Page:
Advocates call for Supreme Court reform during NC stop of ‘Just Majority’ campaign
Arndrea Waters King addresses a small crowd in front of the Story Venue in Chapel Hill on June 13, 2023. Photo: Chantal Brown
“Who’s hiding on the bus?” an older white male pedestrian asked. About two dozen people gathered around the black and neon-painted charter bus on Chapel Hill’s bustling Franklin Street.
The press conference was the latest stop on the ‘Just Majority’ campaign’s national bus tour. The group’s judicial accountability campaign, whose slogan is “Democracy Demands a Fair and Ethical Court,” calls for reforms, including Supreme Court expansion. It is backed by national organizations that advocate for racial justice, reproductive rights, gun violence prevention, and judicial reform. The bus tour began in Boston in April and has traveled as far west as California and as far south as Texas.
The group’s visit came ahead of the Supreme Court’s impending rulings in the cases of Students for Fair Admissions v. Harvard and Students for Fair Admissions v. University of North Carolina. The rulings will likely determine whether race can be used as a factor in college admissions.
“When you can see a court, based on partisanship, may take away affirmative action, and may take away other rights – it’s time for us to expand the Court to expand the options of justice,” said veteran civil rights advocate, the Rev. Al Sharpton. “And that’s why we in the civil rights community stand with Just Majority. We need to expand the Court.”
Sharpton was accompanied by Chapel Hill Mayor Pam Hemminger, Martin Luther King III, Arndrea Waters King (President of the Drum Major Institute — a nonprofit created in Martin Luther King Jr.’s honor), and Professor Kermit Roosevelt who studies and teaches constitutional law and conflict of laws at the University of Pennsylvania.
The anti-affirmative action group Students for Fair Admissions initially filed a lawsuit challenging UNC admission policies in 2014. The group claims that the university’s use of race as a factor in its “holistic approach” to the college admissions process is discriminatory against white and Asian students.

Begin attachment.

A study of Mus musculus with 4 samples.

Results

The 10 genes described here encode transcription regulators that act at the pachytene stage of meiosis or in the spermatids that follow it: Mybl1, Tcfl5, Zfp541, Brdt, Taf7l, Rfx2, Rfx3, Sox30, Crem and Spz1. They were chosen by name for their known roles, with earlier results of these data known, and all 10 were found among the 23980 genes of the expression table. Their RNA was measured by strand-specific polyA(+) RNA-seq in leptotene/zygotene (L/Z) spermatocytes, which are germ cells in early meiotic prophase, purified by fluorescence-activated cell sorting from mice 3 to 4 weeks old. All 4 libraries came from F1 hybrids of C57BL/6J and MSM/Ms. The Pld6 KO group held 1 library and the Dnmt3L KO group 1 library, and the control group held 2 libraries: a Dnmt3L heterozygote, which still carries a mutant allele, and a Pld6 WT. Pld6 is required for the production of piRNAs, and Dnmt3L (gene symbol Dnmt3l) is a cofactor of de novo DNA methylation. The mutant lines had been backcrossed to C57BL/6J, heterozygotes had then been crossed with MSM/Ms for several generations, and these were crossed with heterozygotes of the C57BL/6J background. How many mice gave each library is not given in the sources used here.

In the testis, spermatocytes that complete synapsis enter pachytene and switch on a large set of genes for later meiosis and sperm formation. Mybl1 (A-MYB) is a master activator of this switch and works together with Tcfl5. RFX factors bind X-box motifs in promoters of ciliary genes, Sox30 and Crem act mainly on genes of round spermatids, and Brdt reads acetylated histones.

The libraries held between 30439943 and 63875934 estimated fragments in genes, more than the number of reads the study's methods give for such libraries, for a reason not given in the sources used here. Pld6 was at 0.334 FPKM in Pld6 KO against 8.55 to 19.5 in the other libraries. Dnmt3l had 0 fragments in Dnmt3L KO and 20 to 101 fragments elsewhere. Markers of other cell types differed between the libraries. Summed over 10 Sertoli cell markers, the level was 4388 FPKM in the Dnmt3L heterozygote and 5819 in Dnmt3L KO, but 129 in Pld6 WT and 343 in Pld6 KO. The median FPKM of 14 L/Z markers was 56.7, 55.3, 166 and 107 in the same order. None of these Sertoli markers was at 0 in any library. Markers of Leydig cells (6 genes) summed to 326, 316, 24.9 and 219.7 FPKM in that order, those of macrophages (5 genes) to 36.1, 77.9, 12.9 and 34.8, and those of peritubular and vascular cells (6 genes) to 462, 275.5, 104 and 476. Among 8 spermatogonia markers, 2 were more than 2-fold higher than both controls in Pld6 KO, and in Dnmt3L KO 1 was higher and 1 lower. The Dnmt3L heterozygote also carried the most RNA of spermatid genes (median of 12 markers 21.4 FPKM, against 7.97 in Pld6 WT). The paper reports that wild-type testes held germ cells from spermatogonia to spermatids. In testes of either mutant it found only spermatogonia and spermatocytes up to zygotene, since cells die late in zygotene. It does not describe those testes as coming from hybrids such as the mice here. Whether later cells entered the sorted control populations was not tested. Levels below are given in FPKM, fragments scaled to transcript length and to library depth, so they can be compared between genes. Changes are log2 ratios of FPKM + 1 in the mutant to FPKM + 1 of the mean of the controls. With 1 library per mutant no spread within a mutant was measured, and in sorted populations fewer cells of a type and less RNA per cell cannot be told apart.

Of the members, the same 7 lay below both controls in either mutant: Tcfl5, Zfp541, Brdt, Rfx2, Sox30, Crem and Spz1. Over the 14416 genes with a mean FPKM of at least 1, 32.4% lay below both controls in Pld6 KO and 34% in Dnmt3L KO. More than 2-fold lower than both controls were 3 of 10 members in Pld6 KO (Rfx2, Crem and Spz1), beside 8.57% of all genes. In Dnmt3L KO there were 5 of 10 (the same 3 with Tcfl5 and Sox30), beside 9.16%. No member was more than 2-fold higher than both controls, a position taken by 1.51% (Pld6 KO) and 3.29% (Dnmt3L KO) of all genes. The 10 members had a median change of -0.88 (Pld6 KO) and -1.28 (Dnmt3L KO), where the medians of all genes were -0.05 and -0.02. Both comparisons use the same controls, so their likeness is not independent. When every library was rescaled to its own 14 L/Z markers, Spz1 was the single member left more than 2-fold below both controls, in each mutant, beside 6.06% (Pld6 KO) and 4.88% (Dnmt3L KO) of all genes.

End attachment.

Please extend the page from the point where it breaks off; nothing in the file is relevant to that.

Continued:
Roosevelt said a Supreme Court ruling against affirmative action that denies schools the right to make use of such a process would amount to the Court interfering in an “anti-democratic way” and “imposing their own views.”
Roosevelt said that people can look to the University of California’s ban on affirmative action in 1996 as an example of what could happen on a national scale.
“They banned consideration of race and their students of color plummeted. It was very hard to work their way back from that and they’ve tried but they haven’t gotten back to where they were.”
Speakers at Tuesday’s event said that the impact of the Court’s ruling on affirmative action will go far beyond the classroom.
“If the Court rules that race cannot be a factor, it will overlap even outside of education. Then the private sector will say they can’t consider races with contracts. ‘We can’t consider race with our board makeup. We can’t consider race in our employment,’” Sharpton said.
“And when people like me, Martin, and Arndrea go to a company and ask if they are diverse, they can’t keep that data because it is against the law now. They will have undermined the entire movement of diversity in the country with that decision.”
Waters King said that the impact of the decision could last for generations; “from Kindergarten to the grave.”
“We have a 15-year-old daughter. Not only will you have to look at higher education, but what will happen to primary schools, middle schools, and high schools?” she said. “We not only need to look at the trickle effect up, but we also need to look at the trickle effect foundationally and how this is impacting our children from kindergarten.”
A decision in the Students for Fair Admissions vs. the University of North Carolina is set to come before the court’s session ends on June 26.
Our stories may be republished online or in print under Creative Commons license CC BY-NC-ND 4.0. We ask that you edit only for style or to shorten, provide proper attribution and link to our web site. Please see our republishing guidelines for use of photos and graphics.